Late Vienna Town Council member Maud Robinson has bequeathed the town government $7 million – the bulk of her estate – for the building of sidewalks over a five-year period, town officials announced Jan. 14.
The sidewalks, financed by the Maud Ferris Robinson Charitable Trust, will be built in areas where they aren’t already planned or likely to be funded through grants or new construction, officials said.
Robinson served on the Town Council from 2000 to 2009 and remained active in the community until her death on March 11 last year at age 96. A native of Stamford, Conn., Robinson served with the U.S. Navy during World War II.
She and her late husband, Charles Robinson Jr., married in 1947 and moved to Vienna in 1951. An attorney with the National Rural Electric Cooperative Association, Charles Robinson served as Vienna’s mayor for 24 years until his death on Jan. 3, 2000.
The Robinsons were “absolutely devoted to the town of Vienna,” said former Council member Laurie Cole, the estate’s executor and trust’s trustee. “They spent so much of their time and talents in making Vienna a well-governed community where people would want to live. They lived very simply and they had no children. Vienna is their legacy.”
The Robinsons also were avid walkers, and not just when knocking on doors during campaign season, Cole said.
“They probably walked every single street multiple times,” she said. “They realized how much sidewalks mean to making a place a community and a good place to live.”
Town officials still are identifying streets, which already have curb and gutter, where sidewalks could be installed. The town will reach out to residents on the selected streets and solicit their input before the Town Council decides which projects to pursue. The first such decisions could occur as early as the Council’s Jan. 27 meeting.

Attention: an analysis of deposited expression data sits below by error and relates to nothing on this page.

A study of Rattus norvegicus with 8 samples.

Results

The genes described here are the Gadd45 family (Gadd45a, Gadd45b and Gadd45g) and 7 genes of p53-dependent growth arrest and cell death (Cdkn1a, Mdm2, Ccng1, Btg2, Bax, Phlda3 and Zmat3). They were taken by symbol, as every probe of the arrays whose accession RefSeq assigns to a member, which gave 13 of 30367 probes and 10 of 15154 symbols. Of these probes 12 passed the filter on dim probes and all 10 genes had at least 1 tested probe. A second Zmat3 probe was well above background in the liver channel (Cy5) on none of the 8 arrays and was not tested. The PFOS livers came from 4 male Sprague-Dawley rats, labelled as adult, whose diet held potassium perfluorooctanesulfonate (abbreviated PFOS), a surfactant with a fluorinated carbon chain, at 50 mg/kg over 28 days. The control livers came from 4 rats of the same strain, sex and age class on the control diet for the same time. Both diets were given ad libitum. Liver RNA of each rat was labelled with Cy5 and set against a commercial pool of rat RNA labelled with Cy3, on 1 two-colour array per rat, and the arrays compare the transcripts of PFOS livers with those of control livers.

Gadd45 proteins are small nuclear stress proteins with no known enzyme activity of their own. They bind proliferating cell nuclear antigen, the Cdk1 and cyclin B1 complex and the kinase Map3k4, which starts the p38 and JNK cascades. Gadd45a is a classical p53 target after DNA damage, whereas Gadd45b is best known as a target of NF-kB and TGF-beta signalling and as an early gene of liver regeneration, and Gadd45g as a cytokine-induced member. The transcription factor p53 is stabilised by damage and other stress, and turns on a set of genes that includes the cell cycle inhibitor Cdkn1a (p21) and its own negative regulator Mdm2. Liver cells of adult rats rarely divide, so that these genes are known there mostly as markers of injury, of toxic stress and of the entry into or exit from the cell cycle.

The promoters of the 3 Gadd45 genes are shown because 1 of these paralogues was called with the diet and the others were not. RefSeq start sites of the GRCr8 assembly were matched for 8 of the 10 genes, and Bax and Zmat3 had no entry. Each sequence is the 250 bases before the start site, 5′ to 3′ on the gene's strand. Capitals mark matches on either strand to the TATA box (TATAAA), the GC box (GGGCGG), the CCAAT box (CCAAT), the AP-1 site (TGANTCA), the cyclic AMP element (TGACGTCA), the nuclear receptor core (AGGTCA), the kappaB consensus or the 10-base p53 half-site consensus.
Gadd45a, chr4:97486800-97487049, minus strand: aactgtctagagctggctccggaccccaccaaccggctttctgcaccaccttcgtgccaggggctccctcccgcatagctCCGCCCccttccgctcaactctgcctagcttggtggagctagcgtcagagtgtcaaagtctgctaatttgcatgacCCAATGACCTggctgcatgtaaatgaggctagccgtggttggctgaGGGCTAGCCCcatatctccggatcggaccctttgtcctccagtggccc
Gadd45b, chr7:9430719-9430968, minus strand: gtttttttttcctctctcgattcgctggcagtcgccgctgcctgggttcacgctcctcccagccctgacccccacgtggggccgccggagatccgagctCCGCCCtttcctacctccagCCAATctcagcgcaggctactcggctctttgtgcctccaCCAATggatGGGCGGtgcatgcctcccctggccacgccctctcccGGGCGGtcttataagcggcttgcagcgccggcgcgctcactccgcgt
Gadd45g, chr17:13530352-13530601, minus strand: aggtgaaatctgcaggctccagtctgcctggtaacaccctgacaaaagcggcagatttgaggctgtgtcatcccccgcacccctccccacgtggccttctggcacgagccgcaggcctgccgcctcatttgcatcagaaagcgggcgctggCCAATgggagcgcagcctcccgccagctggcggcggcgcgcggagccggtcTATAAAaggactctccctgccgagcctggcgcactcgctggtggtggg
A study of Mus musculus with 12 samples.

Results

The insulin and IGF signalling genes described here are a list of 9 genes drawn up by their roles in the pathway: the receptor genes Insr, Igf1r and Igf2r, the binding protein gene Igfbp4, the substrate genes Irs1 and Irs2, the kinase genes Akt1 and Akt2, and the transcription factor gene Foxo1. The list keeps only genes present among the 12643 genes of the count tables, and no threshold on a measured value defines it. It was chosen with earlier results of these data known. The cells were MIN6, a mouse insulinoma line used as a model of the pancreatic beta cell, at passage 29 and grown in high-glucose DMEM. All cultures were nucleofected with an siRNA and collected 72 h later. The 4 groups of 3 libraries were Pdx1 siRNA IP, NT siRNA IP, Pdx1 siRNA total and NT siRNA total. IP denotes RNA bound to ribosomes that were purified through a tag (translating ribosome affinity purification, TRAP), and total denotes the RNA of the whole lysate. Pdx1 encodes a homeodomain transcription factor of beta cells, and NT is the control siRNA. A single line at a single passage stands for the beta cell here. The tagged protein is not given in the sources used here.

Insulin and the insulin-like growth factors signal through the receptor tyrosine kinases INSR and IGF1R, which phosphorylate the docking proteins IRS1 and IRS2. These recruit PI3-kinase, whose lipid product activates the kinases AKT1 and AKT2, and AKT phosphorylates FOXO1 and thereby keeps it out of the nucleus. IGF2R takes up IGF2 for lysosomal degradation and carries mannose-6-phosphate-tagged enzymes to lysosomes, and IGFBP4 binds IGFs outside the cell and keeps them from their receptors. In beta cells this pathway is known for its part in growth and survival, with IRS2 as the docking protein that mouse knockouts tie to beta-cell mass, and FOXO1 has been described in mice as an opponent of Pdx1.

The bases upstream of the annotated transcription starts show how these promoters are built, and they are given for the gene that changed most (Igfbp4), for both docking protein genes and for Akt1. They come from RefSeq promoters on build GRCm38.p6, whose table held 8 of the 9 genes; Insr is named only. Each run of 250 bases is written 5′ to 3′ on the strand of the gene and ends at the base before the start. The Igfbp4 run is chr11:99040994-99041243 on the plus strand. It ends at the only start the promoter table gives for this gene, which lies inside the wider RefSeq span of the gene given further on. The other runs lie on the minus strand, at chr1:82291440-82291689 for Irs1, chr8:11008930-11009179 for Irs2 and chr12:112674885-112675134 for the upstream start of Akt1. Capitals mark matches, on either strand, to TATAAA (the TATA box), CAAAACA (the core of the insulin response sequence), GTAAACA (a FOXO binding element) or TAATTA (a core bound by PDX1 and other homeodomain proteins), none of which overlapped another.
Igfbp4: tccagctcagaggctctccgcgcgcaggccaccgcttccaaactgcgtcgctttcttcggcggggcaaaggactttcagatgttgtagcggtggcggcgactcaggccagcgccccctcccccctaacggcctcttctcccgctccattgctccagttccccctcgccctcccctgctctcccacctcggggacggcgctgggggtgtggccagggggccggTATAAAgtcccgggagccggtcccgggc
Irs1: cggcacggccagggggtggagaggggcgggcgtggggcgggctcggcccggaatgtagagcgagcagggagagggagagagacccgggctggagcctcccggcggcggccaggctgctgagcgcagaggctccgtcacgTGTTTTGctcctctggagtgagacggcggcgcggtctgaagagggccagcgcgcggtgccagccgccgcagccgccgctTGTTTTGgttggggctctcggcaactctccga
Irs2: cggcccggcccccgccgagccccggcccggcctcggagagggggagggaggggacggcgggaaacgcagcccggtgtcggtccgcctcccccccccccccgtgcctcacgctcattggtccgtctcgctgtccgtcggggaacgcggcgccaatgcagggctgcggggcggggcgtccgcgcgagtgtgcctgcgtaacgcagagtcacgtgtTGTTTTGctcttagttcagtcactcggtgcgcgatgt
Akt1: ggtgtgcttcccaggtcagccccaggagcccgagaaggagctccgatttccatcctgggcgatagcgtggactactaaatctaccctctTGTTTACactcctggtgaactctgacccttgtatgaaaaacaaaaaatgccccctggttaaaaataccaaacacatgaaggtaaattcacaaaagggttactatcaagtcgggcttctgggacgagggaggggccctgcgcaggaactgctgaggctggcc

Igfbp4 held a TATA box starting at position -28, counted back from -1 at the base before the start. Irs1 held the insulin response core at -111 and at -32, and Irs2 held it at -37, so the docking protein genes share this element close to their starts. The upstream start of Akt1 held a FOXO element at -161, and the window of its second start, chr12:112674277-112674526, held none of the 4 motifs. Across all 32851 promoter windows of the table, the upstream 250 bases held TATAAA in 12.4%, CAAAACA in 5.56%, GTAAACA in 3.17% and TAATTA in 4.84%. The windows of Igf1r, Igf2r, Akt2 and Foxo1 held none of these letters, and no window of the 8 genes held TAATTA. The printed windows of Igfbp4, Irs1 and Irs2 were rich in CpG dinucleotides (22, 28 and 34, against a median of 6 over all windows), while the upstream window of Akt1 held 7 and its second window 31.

Vienna has about 85 miles of sidewalks, and Robinson’s bequest likely will finance construction of an additional 3.3 miles of them. The town will employ contractors to build the walkways and the process might take up to two years between a street’s selection and having its sidewalks ready for pedestrians to use, said Vienna Public Works Director Michael Gallagher.
Mayor Laurie DiRocco called Robinson’s bequest a “wonderful gift to the town of Vienna” that will connect not only places but the community.
“Maud and Charlie were all-in for the town of Vienna,” she said. “We’re grateful that this is how Maud, out of her deep sense of public service and commitment to the town, chose to pass on her legacy to the Vienna community.”
Robinson also left $50,000 to the town for beautification purposes and those funds likely will be used for tree plantings and similar projects, Cole said.
The Council on Dec. 9 last year honored Robinson’s memory by purchasing her home at 124 Courthouse Road, S.W., for $1,438,500. Town officials have not decided what to do with the property, but said it may be used for park space.
The Council at the same meeting also unanimously voted to rename 26-acre Northside Park to Northside Park-Maud Robinson Wildlife Preserve. Robinson had helped craft the ordinance that preserved the park in its natural state and, while serving on the Town Council, voted in 2009 to rezone the site to the Park and Conservation Zone.